A visit to Independence a few days past – a visit to the bike shop near the square, a visit with a friend who knows and stocks vintage components. A visit to repair a broken spoke on a fifty year old wheel. A visit, and time, and opportunity to study the buildings and signage of a past era. A visit long overdue.
And yet the clouds part from time to time and the attitude of the day undergoes a sudden and profound transformation. Watercolor paint dries on the page very quickly in the light breeze, and when one studies the landscape there are colors to be found: warm colors in those spots the sun reaches and cool, blue shadows tracing long fingers as they reach across the road and field. The sun is peculiarly oriented: I’m still in a summertime mode I suppose, and that oddly angled tilt is off putting.
A dreary day. In fact, there’s very little color outside, mostly ochre and gray, and I choose to emphasize the gray. This, in spite of subtle splash of blue green pine in the foreground. Others are further off, and their color bleeds away into the gray mistiness of morning.
Driving around the neighborhoods that surround the square in Independence, Missouri, one is struck by the charming houses, many in states of disrepair. Others are wonderfully restored, and it’s an intriguing collage of structures: a dichotomy of construction styles, restorations, eras, and decrepitude.
A lonely place nestled into an equally lonely location along a country road. A simple place, four walls and a roof, a propane tank – they appear to be largely self sufficient. It’s a lonesome sky too, reminiscent of long months of short, gray Alaskan days. This is Missouri, not the Yukon, but for a moment I might be forgiven for having forgotten that.
I realize I’ve been paying scant attention to the Just Sketching blog this month. Let’s try to remedy that this coming week so I can kick off the new year right. First up is this study, a dry run for an upcoming commission. I was fairly confident in my roadmap, but wanted to walk myself through it all the same to avoid any surprises later on. Commissions tend to do this: place a different sort of expectations on the end product than on the stuff I just do for myself, the stuff I do just because to enjoy the act of mark making.
This is how I’ve been beginning some watercolor sketches lately, with a light pencil drawing on Arches paper, drawn with a red or blue watercolor pencil. In this case an initial accurate drawing was made on a separate sheet of paper, then this sheet was placed on top and traced using a light box. It seems more appropriate to work this way for a commission piece – not everyone wants to see the construction lines. (In point of fact, I do.)
The sky generally gets blocked in first. The overall looseness helps to keep things from getting too tight, too quickly. The windows reflect the sky, so they get blocked in at this stage also. There’s something really appealing about the transparency of color in those windows at this point, and I often just leave them alone from this point on.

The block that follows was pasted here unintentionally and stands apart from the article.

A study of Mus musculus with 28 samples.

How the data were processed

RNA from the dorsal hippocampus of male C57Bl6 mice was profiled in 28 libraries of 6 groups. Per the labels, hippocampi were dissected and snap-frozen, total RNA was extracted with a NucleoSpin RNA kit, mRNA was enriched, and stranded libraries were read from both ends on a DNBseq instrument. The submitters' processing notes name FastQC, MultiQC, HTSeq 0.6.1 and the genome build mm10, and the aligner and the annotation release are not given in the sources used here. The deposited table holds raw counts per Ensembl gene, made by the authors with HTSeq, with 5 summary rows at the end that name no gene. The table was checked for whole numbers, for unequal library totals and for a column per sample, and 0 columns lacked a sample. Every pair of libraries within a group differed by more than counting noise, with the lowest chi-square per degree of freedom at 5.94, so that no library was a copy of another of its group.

Block in shadows next helps to establish contrast. A lot of white continues to be reserved for later.
Dense color implies foliage, and more contrast is established.
And finally, the foreground is added. A few additional washes of color to the window glass and shadows create a bit more depth.
A touch of wash to the pavement, depth to the entryway, and some loosely painted marks to imply stone, and the study is done.
Annabelle, Yogi, and Smalls have distinct personalities, but share common traits: they want to be fed, they want to go outside if you’re also going outside, and they want you to show them affection. Lots and lots of affection.
Smalls has half a tail and a belled collar that jingles when she walks. She’s the relative newcomer – or, more accurately, the prodigal daughter. She belongs to the youngest son, but isn’t allowed in his new apartment. Thus, she’s “come home” and is now living with Yogi, her mom. Yogi isn’t used to sharing the top cat position and hisses at Smalls every time they get within a foot of each other, but otherwise manages to totally ignore her daughter.
Not so the dog though. If I lay on the ground to rub Annabelle’s belly, Yogi will rouse herself from whatever cave she’s sleeping in and insert herself between me and the dog. “Pet me instead!” she seems to be urging. The dog pleads her case, a clear instance of intense envy and a smidge of jealousy. Back and forth I go, first caressing one, then the other, until eventually Yogi will have had her fill and wander off.
At which point, Annabelle will roll those ancient, liquid eyes in my direction, all of a sudden a puppy again, as if to say, “You’re not planning on stopping yet, are you?”
If you’re from Hot Springs, Arkansas, you know I have taken some liberties with this incredibly cool Art Deco entrance. I sketched it at least a year ago, and only decided now to commit it to pen and ink. The typography is amazing and this scribble doesn’t do it any justice at all. But it was fun to try!
Just two days ago I cycled twenty miles in a thin, white t-shirt. Today, my hands actually hurt from the cold, and my fingers are stiff. It’s the twelfth of December, just days before Christmas really, and that’s the way it’s supposed to be. I grudgingly grant Mother Nature this; it’s her prerogative.